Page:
At the beginning of August, I was fortunate enough to take part in the
International Glaciology Summer School, in beautiful Alaska. The school is run every two years, directed by Regine Hock of the University of Alaska Fairbanks, and brings together students and instructors from all over the world. Based in the Wrangell mountains, in the old mining village of McCarthy, the school provides an opportunity to learn from experts in a range of fields within glaciology, and perhaps more importantly, provides a platform to engage with and get to know others embarking on research in the science. The 10 days of the course were some of the most enjoyable of my academic career, and I left inspired by the enthusiasm and curiosity of my peers.
Below are images from some of the activities that took place outside of the classroom (click on images to enlarge).
Hitting the road from Fairbanks to McCarthy, and aiming for the mountains.
The drive to McCarthy took 11 hours, but it was broken up with regular stops.
The Trans-Alaska pipeline crosses the entire state, north to south, from Prudhoe Bay to Valdez, stretching over 1,200km.
Not a popular decision. In reality, the salmon at this point have traveled so far inland from the sea (to reach spawning grounds) that they have lost much of their mass, and are not suitable for consumption.
Hanging out under bridges.
Home for the next 10 days
McCarthy’s old hardware store, now operated as the Wrangle Mountain Center, was our base for the summer school.
Tools of the trade. An unconventional poster session.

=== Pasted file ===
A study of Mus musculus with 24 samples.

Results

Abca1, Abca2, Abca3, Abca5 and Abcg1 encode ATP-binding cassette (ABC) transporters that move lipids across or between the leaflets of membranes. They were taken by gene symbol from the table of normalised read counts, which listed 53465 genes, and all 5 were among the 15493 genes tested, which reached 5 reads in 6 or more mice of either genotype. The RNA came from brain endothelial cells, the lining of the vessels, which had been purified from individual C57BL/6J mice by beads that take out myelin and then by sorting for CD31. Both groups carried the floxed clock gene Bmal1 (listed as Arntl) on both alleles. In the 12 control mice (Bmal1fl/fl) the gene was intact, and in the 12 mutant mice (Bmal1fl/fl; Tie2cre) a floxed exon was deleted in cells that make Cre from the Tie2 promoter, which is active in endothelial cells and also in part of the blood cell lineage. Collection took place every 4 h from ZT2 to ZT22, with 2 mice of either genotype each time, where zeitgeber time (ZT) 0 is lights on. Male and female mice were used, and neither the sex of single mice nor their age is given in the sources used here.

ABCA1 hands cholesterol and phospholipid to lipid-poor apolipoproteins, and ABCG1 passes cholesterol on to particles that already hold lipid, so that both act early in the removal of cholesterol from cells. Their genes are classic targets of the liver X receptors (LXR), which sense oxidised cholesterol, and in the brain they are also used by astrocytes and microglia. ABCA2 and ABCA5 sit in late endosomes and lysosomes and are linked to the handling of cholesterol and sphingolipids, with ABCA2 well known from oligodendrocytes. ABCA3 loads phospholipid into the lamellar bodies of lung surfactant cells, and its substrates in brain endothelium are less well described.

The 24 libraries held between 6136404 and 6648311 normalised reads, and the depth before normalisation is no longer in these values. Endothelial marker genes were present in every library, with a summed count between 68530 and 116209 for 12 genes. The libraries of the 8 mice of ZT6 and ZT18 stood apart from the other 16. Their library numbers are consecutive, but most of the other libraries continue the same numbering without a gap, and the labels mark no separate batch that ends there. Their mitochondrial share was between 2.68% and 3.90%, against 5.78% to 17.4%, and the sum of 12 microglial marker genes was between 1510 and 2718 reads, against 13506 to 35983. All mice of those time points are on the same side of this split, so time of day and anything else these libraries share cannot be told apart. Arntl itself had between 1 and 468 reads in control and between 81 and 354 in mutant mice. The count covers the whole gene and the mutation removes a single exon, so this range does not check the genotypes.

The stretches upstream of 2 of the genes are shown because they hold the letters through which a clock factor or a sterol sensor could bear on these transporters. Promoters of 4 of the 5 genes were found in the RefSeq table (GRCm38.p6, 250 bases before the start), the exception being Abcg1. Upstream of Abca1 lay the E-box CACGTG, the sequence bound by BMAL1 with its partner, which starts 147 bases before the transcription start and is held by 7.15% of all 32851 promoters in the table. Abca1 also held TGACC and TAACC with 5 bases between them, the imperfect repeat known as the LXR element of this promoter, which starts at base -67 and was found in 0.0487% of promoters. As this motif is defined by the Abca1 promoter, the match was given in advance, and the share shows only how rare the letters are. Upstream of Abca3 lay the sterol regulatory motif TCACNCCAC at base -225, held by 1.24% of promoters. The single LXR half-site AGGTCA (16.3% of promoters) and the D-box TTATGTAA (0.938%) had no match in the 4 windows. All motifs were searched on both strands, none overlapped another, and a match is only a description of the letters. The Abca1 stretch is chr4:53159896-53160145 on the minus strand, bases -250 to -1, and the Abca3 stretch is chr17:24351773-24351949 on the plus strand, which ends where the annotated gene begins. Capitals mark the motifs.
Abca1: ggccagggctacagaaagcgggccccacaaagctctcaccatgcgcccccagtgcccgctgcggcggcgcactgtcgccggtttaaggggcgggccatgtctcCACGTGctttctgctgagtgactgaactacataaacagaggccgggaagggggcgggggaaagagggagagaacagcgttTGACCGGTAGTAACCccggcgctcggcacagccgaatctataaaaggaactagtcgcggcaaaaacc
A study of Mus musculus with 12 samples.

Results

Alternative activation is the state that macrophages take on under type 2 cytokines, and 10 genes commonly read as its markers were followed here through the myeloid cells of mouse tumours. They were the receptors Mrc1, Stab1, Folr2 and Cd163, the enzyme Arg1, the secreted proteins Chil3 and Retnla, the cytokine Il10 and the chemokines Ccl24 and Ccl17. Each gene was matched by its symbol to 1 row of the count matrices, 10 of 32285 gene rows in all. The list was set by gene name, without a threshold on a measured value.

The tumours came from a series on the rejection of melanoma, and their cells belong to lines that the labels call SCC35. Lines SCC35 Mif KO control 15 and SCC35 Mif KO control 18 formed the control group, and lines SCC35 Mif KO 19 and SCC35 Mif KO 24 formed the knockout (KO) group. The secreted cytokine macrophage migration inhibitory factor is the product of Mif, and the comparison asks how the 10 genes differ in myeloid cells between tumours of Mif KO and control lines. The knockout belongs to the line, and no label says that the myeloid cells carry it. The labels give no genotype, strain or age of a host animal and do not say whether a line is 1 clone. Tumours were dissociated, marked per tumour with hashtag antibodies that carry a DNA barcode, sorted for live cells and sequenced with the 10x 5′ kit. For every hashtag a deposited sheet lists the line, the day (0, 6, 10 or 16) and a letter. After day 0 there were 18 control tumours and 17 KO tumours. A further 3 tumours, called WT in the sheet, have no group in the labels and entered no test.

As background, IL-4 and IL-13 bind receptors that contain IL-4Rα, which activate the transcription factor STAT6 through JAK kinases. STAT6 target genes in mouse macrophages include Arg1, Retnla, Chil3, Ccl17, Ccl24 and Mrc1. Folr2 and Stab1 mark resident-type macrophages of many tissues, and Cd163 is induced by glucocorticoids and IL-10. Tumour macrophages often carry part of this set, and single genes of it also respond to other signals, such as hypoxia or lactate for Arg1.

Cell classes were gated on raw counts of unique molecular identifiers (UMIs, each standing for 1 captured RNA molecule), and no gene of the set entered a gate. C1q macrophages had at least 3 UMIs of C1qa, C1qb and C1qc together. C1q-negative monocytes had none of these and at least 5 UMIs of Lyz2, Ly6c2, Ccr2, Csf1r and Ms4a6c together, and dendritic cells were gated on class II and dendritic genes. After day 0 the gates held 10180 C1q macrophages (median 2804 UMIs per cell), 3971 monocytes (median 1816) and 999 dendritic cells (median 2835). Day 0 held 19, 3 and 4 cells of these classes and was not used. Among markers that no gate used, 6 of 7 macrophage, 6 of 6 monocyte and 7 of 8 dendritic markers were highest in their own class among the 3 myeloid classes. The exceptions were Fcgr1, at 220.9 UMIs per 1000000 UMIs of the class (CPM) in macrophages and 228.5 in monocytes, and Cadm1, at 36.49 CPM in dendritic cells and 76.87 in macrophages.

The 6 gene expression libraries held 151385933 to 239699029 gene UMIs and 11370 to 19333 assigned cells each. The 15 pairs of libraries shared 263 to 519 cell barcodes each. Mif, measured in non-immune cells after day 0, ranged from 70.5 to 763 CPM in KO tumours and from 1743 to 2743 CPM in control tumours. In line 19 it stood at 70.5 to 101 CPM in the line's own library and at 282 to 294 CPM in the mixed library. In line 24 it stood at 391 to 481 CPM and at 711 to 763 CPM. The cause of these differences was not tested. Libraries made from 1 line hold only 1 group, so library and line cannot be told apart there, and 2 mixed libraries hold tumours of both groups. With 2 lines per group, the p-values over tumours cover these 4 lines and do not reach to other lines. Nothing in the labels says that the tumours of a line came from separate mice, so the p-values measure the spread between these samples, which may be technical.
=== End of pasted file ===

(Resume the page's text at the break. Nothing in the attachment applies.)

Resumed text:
Friday night softball in McCarthy.
Passing Kennicott mill, where ore from the surrounding copper mines was processed in the early 1900s.
Mike in action. The expanse of what looks like gravel in the background is actually the lower reaches of the Kennicott glacier; the ridges are composed predominately of ice, coated with a thin layer of debris. The material comes from the lateral moraines of numerous tributary glaciers that have merged with the main trunk of the Kennicott, higher up the valley.
Footprint of a moulin. Debris carried downwards by water is deposited at the bottom of the moulin. When the overlying snow and ice melts (and the moulin collapses), the ice covered by this material melts slower than the surrounding exposed ice, resulting in these ridges.
Glaciologists in their natural environment.
Descending into a temporarily empty lake basin. This lake, along the margin of the Root glacier, can fill or drain in a day; the water flowing through subglacial channels.
What lies beneath a glacier?
The blue room. I spent longer crouched in a subglacial river than is probably recommended, but it was a hard place to leave.
Having seen all there is to see on the surface of a glacier, Colin decides to check out a moulin (not really; don’t do this).
Outlets were a commodity when power was available.
A group of us took advantage of the landing strip in McCarthy, and arranged a flight over the surrounding glaciers and mountains.
The debris covered terminus of the Kennicott glacier. The village of Kennicott can be seen along the right margin.
Further up the Kennicott, medial moraines are visible as dark bands on the surface, and are formed by the merging of several tributary glaciers (and their lateral moraines).
Medial moraines and incredibly blue melt water pools.
Trail run up to the old Bonanza copper mine, in the mountains above McCarthy (phone pictures).
A very fuzzy picture of a black bear encountered during the run.
Fire and ice.
Obligatory moose, with calf (I was driving at the time).